In a press briefing held in advance of President Obama's appearance in Reno, Nevada, Housing and Urban Development (HUD) Secretary Shawn Donovan gave a preview of the home refinancing aspects of the President's "To Do List" for Congress which he will be discussing further this afternoon.  Donovan also provided updates on the results of last fall's executive refinancing initiatives.

Donovan said that last October,  the President had included proposals to increase refinancing in the jobs plan he submitted to Congress.  Ordinarily, the Secretary said, the economy would be receiving an enormous boost from the record low interest rates so refinancing is a critical step in realizing this.  When Congress did not act on the jobs bill the President asked administration officials to identify what could be done without Congressional action to remove barrier to refinancing.  Within six weeks, Donovan said, five barriers were identified and the administration moved to remove or mitigate them.

The result has been a 50 percent increase in refinancing applications, roughly one in three of which is for a HARP loan, up from one in ten a year ago.  The increase has been even greater in areas hardest hit by price declines and foreclosures.  According to data from the Mortgage Bankers Association, refinancing applications are up 240 percent in Nevada, 180 percent in Arizona, and 125 percent in Florida and informal surveys suggest that two of every three refinancing applications in the hardest hit states are for HARP loans.  

In January's State of the Union Address the President laid out the final steps aimed at those borrowers who are doing everything right but still cannot refinance and this week there were three bills introduced in Congress to implement the rest of the President's program.  The first, introduced by Senators Menendez and Boxer, would remove the barriers remaining for some 12 million borrowers with government-backed mortgages.  The legislation would help borrowers with second liens, cut red tape and costs such as eliminating manual appraisals, and would increase competition.  

Donovan said that currently the servicers who are already handling a mortgage have an incentive to refinance it but other lenders don't.  The goal is to remove the last bar to cross-servicer competition by extending the same streamlined underwriting currently enjoyed by the existing lender to the rest of the market.   This would also extend streamlined refinancing steps to all GSE borrowers including those with significant equity and thus less credit risk.  

Donovan stressed that these changes are a positive for taxpayers.  First they will pump billions of dollars into the economy   but they will also lower risk by lowering payments, and ultimately eliminate some of the costs of loans that default.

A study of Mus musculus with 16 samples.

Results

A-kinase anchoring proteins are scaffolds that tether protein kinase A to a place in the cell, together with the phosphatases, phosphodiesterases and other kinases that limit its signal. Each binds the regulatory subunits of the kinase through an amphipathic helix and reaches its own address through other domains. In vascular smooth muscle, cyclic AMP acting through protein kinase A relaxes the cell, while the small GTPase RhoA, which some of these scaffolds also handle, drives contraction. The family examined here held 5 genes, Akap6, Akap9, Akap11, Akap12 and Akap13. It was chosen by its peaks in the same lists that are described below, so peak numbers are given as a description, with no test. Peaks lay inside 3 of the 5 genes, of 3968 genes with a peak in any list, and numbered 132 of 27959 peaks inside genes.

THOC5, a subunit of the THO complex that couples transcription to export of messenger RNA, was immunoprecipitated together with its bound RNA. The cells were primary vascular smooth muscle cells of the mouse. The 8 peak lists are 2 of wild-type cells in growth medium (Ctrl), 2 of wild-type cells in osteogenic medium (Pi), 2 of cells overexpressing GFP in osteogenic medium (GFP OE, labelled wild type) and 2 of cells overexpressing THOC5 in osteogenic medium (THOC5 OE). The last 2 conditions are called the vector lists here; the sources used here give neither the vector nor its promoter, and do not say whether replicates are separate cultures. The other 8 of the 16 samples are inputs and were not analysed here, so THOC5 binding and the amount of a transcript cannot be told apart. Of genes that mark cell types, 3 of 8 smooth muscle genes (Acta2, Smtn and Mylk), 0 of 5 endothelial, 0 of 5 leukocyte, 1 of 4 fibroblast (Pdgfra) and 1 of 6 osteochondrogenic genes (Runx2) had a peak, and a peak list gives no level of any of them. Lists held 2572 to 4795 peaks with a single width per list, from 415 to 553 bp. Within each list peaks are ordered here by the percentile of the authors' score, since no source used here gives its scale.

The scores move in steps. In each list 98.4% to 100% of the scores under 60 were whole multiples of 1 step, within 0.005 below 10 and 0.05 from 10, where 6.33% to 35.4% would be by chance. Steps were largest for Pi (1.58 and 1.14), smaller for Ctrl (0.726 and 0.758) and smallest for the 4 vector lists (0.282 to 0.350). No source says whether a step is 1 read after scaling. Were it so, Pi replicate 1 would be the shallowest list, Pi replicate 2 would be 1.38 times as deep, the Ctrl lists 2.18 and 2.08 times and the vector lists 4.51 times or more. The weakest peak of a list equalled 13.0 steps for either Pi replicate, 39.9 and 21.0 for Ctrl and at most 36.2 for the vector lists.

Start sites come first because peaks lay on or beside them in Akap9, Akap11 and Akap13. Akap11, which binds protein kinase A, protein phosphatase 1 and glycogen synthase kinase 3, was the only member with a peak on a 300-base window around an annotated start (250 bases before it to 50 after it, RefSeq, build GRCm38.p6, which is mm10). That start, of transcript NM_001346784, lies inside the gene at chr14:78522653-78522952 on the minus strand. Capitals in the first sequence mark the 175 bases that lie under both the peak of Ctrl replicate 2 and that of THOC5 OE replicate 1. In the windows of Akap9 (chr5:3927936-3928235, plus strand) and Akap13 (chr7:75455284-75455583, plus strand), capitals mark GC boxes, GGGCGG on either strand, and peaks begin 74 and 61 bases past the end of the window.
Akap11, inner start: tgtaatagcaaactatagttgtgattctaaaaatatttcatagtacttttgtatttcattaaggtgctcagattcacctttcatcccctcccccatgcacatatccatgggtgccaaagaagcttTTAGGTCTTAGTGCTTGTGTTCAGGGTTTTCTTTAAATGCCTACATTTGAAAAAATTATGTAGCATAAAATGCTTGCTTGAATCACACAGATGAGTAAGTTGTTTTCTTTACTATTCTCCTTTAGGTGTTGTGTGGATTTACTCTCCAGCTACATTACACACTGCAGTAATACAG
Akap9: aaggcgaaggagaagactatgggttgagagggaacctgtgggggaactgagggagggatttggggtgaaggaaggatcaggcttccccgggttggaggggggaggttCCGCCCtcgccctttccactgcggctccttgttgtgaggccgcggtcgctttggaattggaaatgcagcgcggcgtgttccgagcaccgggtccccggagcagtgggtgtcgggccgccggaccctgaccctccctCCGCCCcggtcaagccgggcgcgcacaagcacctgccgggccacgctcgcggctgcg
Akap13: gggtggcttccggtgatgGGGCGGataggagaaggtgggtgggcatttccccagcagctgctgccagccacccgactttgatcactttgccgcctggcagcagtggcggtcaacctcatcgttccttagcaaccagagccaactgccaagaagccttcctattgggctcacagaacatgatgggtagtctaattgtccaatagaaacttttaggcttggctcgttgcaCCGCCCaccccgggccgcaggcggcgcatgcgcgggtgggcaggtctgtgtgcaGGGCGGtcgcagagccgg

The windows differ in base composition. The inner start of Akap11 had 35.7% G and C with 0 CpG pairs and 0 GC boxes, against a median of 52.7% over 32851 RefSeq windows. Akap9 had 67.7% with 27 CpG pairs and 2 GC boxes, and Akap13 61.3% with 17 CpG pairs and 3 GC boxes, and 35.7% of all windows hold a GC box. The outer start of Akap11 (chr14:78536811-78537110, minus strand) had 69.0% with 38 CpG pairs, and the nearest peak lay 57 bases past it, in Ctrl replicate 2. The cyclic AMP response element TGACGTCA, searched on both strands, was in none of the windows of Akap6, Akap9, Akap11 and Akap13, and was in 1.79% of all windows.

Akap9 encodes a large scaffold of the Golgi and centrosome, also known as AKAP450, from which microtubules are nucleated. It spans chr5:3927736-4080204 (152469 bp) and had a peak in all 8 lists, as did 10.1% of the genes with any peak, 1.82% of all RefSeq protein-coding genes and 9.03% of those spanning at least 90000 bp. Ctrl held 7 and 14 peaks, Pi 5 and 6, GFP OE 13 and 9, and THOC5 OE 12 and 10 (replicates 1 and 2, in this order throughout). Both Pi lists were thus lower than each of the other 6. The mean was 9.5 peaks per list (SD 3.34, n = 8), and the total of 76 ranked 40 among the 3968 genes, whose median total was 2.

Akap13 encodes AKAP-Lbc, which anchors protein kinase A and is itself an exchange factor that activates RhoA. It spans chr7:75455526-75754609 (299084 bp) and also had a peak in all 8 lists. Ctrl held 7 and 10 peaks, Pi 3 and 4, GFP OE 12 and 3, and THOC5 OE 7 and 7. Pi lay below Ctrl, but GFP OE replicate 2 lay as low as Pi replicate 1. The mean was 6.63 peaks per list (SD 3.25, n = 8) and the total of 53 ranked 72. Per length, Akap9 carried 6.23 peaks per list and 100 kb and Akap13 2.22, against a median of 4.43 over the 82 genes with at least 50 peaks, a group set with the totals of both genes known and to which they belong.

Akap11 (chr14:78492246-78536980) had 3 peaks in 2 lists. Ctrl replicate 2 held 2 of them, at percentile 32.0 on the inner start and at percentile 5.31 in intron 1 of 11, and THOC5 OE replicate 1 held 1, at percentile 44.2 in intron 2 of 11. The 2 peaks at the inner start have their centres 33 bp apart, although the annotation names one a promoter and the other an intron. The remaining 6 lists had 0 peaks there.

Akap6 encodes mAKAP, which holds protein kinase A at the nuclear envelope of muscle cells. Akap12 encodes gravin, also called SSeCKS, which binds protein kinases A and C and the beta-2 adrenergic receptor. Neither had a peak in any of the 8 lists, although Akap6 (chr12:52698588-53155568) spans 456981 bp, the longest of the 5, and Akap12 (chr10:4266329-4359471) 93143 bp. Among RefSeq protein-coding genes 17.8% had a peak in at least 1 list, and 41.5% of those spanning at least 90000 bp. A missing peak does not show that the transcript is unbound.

The second piece of legislation, introduced by Senator Feinstein, would provide simple, low-cost refinancing opportunities to non-GSE borrowers by extended streamlined refinancing to those who have been paying on their mortgages but have private label or bank loans.  The new mortgages would be run through the Federal Housing Administration and open up today's low rates to an estimated three to four million families.  Donovan said that this program is an issue of fairness; many responsible borrowers who have done everything they were supposed to do are still unable to refinance simply because of who owns their loan.

The third piece of legislation proposes to give underwater borrowers who decide to refinance a choice of taking the reduced interest in the form of a lower monthly payment or applying those savings to rebuilding equity in their homes.  To encourage borrowers to make the latter choice the legislation would cover the closing costs of borrowers, a benefit of about $3,000 per homeowner on average.  Taking this course of action would give the majority of underwater borrowers the chance to get back above water in five years or less.

During the question and answer session Donovan was asked about pay-fors for the provisions and said that, while the President had made a proposal to cover the expected cost, the administration is open to looking at other suggestions. 

Another reporter referenced a remark from Senator Boxer that Acting Federal Housing Finance Administration (FHFA) Director Edward J. DeMarco already possesses the authority to implement some of the proposals in her bill.  Donovan said that FHFA was looking at the idea of eliminating manual appraisals and there might be other provisions, but he added that there is an urgency to the President's proposals.   All of them would help boost the economy, he said, and there is no way of knowing how long we will have these low interest rates.  "We need to move the legislation, not wait for an FHFA analysis.

In addition to the refinancing initiatives laid out by Donovan, the "to do list" the President will detail today contains the following:

  • Legislation that gives companies a new 20 percent tax credit to cover costs of moving their operations back to the U.S. This will be paid for by eliminating current tax incentives that allow companies to deduct the costs of moving their businesses abroad.
  • Legislation that gives a 10 percent income tax credit for firms that create new jobs or increase wages in 2012 and that extends 100 percent expensing in 2012 for all businesses.
  • Legislation that will extend the Production Tax Credit to support American jobs and manufacturing and an expansion of the 30 percent tax credit for investments in clean energy manufacturing.
  • Legislation that creates a Veterans Job Corps to help Afghanistan and Iraq veterans get jobs as police, firefighters, and other jobs to help their communities.